Michelle Lensink

Patient Assistance Transport Scheme

This speech is in relation to the Patient Assistance Transport Scheme, otherwise known as PATS, and the poor systems which are more than likely denying country patients access to funds they are entitled to.

The Hon. J.M.A. LENSINK (15:45): I rise to speak about the Patient Assistance Transport Scheme, otherwise known as PATS, and the poor systems which are more than likely denying country patients access to funds they are entitled to.

The PAT Scheme entitles people who live more than 100 kilometres from their nearest treating specialist to subsidies, including a fuel subsidy of 16¢ per kilometre and an accommodation subsidy of $30 a night. A person who is accompanying the patient, known as an 'escort', can also receive a subsidy separately. The number of nights that patients and their escorts are entitled to is not clear, and this is the reason for me raising this issue.

Together with Troy Bell, the Liberal candidate for Mount Gambier, I met with a gentleman last week who outlined his experience with the PATS. He pointed out to us that the physical booklet, which was published three years ago, states that both patients and their escorts are entitled to up to 90 days within a 12 month-period, that the forms do not contain any information and that the website, under the section Patient Assistance Transport Scheme Clinical Criteria for Escorts, states the following:

Accommodation costs for patients are limited to three months. Accommodation costs for escorts when the patient is hospitalised are generally not supported because the hospital provides active support, and emotional support is not eligible. Accommodation costs for escorts are paid when a patient is hospitalised in a life threatening situation for up to seven days.

The 24-page information booklet on the website does not mention the number of nights but that 'the medical specialist must state on the form the number of nights of accommodation required'. The FAQ booklet on the website, which interestingly is dated May 2013, uses the same discouraging language.

This particular chap I met with Troy Bell last week underwent treatment in February-March and lodged his original application in the second week of March. He received payment for fuel and accommodation but not for his wife as his escort. He phoned PATS and was told that, as his condition was not life threatening, they were not eligible, and he was told to get the specialist to resubmit the form. PATS said that in the original form the specialist used standard medical abbreviations, so the specialist wrote out those things in full.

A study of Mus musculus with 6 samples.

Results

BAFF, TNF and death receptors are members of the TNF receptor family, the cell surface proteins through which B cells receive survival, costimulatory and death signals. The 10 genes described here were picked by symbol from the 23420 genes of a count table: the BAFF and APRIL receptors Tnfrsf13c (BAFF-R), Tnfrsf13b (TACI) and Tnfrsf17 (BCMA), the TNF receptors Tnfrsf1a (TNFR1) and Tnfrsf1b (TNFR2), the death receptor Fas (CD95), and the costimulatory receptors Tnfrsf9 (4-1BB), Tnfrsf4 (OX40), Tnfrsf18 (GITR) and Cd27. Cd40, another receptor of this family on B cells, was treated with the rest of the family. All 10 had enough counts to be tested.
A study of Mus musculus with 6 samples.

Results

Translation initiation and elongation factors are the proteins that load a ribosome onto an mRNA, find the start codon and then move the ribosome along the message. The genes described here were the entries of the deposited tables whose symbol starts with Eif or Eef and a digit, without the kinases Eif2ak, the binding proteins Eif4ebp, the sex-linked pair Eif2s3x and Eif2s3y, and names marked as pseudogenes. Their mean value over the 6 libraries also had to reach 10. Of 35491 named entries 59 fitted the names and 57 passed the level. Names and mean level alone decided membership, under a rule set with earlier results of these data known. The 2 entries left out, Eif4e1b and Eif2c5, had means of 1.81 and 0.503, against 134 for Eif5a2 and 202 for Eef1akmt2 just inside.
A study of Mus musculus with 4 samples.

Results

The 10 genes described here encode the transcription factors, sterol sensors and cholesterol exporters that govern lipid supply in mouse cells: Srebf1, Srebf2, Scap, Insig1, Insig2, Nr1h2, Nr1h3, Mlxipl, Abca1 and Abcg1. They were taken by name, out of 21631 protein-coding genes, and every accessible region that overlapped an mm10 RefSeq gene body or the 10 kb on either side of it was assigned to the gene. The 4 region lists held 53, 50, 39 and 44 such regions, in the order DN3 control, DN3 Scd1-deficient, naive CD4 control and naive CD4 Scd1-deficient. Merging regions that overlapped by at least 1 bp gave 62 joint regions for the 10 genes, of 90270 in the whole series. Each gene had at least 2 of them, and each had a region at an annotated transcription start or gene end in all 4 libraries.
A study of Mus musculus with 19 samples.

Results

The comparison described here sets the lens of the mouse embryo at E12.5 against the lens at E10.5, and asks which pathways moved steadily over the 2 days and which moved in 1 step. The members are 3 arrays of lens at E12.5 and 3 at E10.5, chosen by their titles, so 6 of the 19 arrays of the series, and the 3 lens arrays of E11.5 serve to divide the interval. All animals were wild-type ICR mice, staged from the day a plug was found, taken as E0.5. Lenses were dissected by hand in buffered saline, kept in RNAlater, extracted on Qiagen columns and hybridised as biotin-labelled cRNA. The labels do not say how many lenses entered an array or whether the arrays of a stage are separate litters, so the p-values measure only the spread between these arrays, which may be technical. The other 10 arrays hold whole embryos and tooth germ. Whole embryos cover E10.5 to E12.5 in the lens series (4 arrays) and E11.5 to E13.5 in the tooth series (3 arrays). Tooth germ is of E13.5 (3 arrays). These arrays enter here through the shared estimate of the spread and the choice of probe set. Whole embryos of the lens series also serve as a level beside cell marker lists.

Several phone calls and visits later, this gentleman was finally paid for 14 days. More calls led to him being paid an additional seven nights, even though his specialist had sought 35 days, so he sought the assistance of the Health and Community Services Complaints Commissioner, who is as frustrated with PATS as this gentleman. The explanation PATS gave to the commissioner is interesting. They define life threatening situations as, for example, 'in an intensive care unit', whereas this gentleman had aortic valve surgery—a fairly serious thing to undergo.

Part of the mix-up, they said, was due to the inclusion of 'medical terminology' rather than PATS terminology, and I found that quite surprising as somebody who spent the first years of my professional life working in the public hospital system. Medical terminology is fairly standard and anybody, from medical specialists through to allied health nursing and ward clerks, understand it, so how PATS has different terminology is really beyond me. Furthermore, they state:

If a patient in these circumstances had been accessing their health services through a public hospital, PATS could have sought clarifying information from the hospital.

This indicates that private patients are treated differently, which I think is a form of very strange discrimination. The gentleman has had to chase up PATS on several occasions. Until recently, they never used to actually notify people of the success or otherwise of their claims. This is a lot of money for pensioners with health problems, and it is just through the determination of this gentleman that he has been able to get some of his entitlements.

His chief issue is that there is conflicting information and that the terms of the scheme may be being changed by PATS. Certainly, their verbal advice is in conflict with their printed advice. It is welcome that there is a review being undertaken; however, it does not include the overall funding amount, as it states that it is 'costed within the existing PATS funding envelope', and we know what that means. Interestingly, the dynamic link from the Country Health SA website did not work and told me that the page was not available. Clearly, for a number of country patients this is like pulling teeth.